IF KING Charles III is presented with a Bible at his Coronation, as his mother was at hers in 1953 as ‘the most valuable thing which the world affords’, he would get the full King James version. But for how much longer will uncensored Bibles be allowed in the United Kingdom?
If the Conservatives lose the next General Election and a coalition of Labour, the Lib-Dems and the SNP governs Britain, a beefed-up law against anti-LGBT ‘hate speech’ would surely be likely.
How could a passage like the following in the New Testament survive such a law?
‘But from the beginning of the creation God made them male and female. For this cause shall a man leave his father and mother and cleave to his wife; And they twain shall become one flesh: so then they are no more twain, but one flesh. What therefore God hath joined together, let not man put asunder.’
Those are the recorded words of Jesus Christ in Mark’s Gospel, chapter 10 verses 6 to 9, in the King James version. They show that he believed that heteronormality is God’s intention for humanity. They also show that he believed that the God-created institution of heterosexual marriage is the bedrock of society.
In the absence of an authoritative survey, it is hard to determine whether LGBT people in 21st century secular Britain could care less about the Bible. But politically correct cancel culture, as it has gained traction in Western democracies since the turn of the millennium, does not seem to need many complainants.
So under a draconian hate speech law in the second half of this decade, it is not hard to foresee even a small cadre of complainants achieving a great deal in their campaign against the uncensored English Bible. Christian Churches might consider that, in order to avoid potential prosecutions, it would be safer to issue versions of the Bible with the offensive passages taken out.
Churches could find themselves under pressure from their insurers to excise politically incorrect passages from their Bibles. They could even come under pressure from their own employees.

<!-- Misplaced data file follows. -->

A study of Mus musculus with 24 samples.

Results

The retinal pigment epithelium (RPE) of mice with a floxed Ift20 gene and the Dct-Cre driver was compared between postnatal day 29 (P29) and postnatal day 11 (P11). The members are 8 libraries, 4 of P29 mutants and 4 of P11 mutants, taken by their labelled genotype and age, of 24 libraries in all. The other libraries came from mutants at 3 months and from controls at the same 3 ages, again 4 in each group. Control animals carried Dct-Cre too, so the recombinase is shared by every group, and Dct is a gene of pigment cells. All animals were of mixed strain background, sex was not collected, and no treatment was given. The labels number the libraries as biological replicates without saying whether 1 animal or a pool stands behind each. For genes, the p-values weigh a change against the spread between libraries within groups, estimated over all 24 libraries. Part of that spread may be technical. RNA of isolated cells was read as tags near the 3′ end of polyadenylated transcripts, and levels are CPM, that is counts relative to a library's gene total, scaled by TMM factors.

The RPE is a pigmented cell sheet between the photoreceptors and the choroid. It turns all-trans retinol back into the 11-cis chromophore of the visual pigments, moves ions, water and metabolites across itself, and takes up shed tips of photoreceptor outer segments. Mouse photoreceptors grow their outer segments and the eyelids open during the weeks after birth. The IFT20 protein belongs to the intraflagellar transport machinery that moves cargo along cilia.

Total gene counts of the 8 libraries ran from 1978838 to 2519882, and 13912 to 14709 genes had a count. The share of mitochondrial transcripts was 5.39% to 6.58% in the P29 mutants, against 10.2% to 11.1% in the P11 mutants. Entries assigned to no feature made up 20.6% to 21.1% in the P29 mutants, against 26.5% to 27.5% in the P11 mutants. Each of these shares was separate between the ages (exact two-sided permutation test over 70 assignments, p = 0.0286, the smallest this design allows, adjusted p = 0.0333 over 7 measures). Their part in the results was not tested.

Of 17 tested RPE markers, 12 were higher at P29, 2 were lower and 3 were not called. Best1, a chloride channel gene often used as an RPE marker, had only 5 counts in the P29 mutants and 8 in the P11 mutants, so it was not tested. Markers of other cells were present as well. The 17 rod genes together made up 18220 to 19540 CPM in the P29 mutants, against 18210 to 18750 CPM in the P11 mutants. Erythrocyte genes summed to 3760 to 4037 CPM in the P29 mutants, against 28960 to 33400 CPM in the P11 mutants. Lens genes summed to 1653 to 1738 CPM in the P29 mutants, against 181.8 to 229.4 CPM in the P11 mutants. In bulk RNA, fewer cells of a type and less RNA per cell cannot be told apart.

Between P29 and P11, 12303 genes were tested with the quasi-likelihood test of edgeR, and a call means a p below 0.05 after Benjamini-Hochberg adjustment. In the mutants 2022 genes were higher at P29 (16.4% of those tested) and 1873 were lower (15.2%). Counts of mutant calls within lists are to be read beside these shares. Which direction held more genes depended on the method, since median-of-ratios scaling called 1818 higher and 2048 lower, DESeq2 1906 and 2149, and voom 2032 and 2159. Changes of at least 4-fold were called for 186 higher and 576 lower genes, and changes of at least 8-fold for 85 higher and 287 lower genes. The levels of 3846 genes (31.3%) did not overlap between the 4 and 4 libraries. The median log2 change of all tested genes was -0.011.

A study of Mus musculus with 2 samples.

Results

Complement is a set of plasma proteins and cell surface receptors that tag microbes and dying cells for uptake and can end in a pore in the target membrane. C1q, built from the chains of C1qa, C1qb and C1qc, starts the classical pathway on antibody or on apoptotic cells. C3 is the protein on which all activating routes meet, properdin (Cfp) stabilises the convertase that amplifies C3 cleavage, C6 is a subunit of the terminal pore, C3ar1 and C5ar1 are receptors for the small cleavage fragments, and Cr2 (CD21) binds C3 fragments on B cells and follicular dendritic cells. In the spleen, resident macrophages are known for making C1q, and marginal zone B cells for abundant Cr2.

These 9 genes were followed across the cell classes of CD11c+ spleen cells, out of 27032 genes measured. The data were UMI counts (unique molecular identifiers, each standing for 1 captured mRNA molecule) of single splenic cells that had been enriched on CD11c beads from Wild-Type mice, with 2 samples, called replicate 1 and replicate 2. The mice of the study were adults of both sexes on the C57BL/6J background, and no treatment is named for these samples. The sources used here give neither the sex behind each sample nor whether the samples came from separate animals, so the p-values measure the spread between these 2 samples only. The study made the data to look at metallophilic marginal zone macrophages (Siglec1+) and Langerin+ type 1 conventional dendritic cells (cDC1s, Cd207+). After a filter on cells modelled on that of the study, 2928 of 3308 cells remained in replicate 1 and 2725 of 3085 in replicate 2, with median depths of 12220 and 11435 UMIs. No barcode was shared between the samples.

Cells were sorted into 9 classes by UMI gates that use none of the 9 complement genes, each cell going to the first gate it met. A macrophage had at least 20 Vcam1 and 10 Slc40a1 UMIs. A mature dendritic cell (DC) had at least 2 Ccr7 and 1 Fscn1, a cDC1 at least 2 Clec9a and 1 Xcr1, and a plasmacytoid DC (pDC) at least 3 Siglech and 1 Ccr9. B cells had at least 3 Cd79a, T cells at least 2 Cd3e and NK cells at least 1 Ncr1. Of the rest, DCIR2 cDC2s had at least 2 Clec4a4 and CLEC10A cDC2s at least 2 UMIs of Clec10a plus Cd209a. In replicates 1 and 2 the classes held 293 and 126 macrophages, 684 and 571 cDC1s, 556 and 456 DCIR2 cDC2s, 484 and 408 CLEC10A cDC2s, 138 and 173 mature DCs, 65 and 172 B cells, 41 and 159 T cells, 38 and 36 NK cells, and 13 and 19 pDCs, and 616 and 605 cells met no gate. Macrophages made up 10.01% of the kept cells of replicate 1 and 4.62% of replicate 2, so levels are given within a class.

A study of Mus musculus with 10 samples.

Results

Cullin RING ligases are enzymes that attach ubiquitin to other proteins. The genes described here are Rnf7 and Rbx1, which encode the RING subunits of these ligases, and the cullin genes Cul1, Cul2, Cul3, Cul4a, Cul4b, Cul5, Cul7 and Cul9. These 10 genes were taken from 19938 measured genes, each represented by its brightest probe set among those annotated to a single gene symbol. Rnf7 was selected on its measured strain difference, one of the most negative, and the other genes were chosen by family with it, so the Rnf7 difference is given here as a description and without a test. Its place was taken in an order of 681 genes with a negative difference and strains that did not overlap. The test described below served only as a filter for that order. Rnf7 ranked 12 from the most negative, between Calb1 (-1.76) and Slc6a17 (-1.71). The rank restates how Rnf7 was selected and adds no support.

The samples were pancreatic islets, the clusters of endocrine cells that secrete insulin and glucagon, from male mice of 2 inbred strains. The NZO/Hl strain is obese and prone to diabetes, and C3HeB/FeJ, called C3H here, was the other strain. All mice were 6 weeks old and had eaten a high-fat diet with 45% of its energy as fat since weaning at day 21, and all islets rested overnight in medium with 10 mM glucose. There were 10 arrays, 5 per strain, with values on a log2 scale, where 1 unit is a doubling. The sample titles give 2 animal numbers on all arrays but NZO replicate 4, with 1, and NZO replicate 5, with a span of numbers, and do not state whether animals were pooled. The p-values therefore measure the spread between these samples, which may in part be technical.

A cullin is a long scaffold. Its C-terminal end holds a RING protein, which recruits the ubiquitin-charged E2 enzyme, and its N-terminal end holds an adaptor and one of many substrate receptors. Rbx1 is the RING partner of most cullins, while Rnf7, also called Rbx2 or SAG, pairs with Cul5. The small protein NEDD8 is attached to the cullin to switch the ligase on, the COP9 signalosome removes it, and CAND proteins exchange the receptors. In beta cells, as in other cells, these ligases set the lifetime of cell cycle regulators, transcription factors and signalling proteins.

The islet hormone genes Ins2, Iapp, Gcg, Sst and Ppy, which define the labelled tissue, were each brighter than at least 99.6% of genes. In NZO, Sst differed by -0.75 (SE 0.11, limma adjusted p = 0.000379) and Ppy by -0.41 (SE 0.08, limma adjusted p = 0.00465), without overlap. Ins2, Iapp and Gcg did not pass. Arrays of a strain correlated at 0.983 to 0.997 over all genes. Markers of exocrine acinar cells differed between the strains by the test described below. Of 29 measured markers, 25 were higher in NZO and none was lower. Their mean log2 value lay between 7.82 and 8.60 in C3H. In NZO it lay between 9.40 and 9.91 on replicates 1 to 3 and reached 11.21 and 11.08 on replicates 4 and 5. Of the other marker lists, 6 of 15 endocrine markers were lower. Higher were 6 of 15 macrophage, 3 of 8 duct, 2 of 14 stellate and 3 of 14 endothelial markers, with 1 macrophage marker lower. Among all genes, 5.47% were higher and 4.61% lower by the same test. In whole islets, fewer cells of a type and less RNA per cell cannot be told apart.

In case readers think the word ‘could’ here is doing too much heavy lifting, the counsel for the defence of this scenario should call the Reverend Dr Bernard Randall to the witness stand. According to the Mail, he was sacked in 2019 as Church of England chaplain of a fee-paying school in Derbyshire and ‘reported to terrorism watchdogs for defending pupils’ rights to question the introduction of new LGBT policies’.
In the employment tribunal action the Christian Legal Centre is pursuing for Dr Randall, an email from a Church of England safeguarding officer has come to light.
She wrote: ‘Despite his opinion being supported by scripture and elements of canon law it is his apparent opposition to consider or accept a different approach to relationships which is of concern in a 21st-century Church of England. This is a reputational risk to be managed by any parish and diocese to which Rev’d Randall is connected.’
She opined that the Church of England’s traditional teaching on marriage and sexual morality, as derived from the Bible, could be a safeguarding risk: ‘Due to some church scripture supporting Rev’d Randall’s views the church itself may also be a risk-factor, to be used to justify Rev’d Randall’s opinions.’
In the last 25 years of the Queen’s reign, since the advent of New Labour, a new public morality has become politically entrenched in Britain flowing out of the sexual revolution of the 1960s. It is very different from the Christian worldview that prevailed when she was crowned. It is surely not fantasy forecasting to suggest that the Bible, which is the source of the old morality, would no longer be tolerated, at least uncensored, by the enforcers of the new.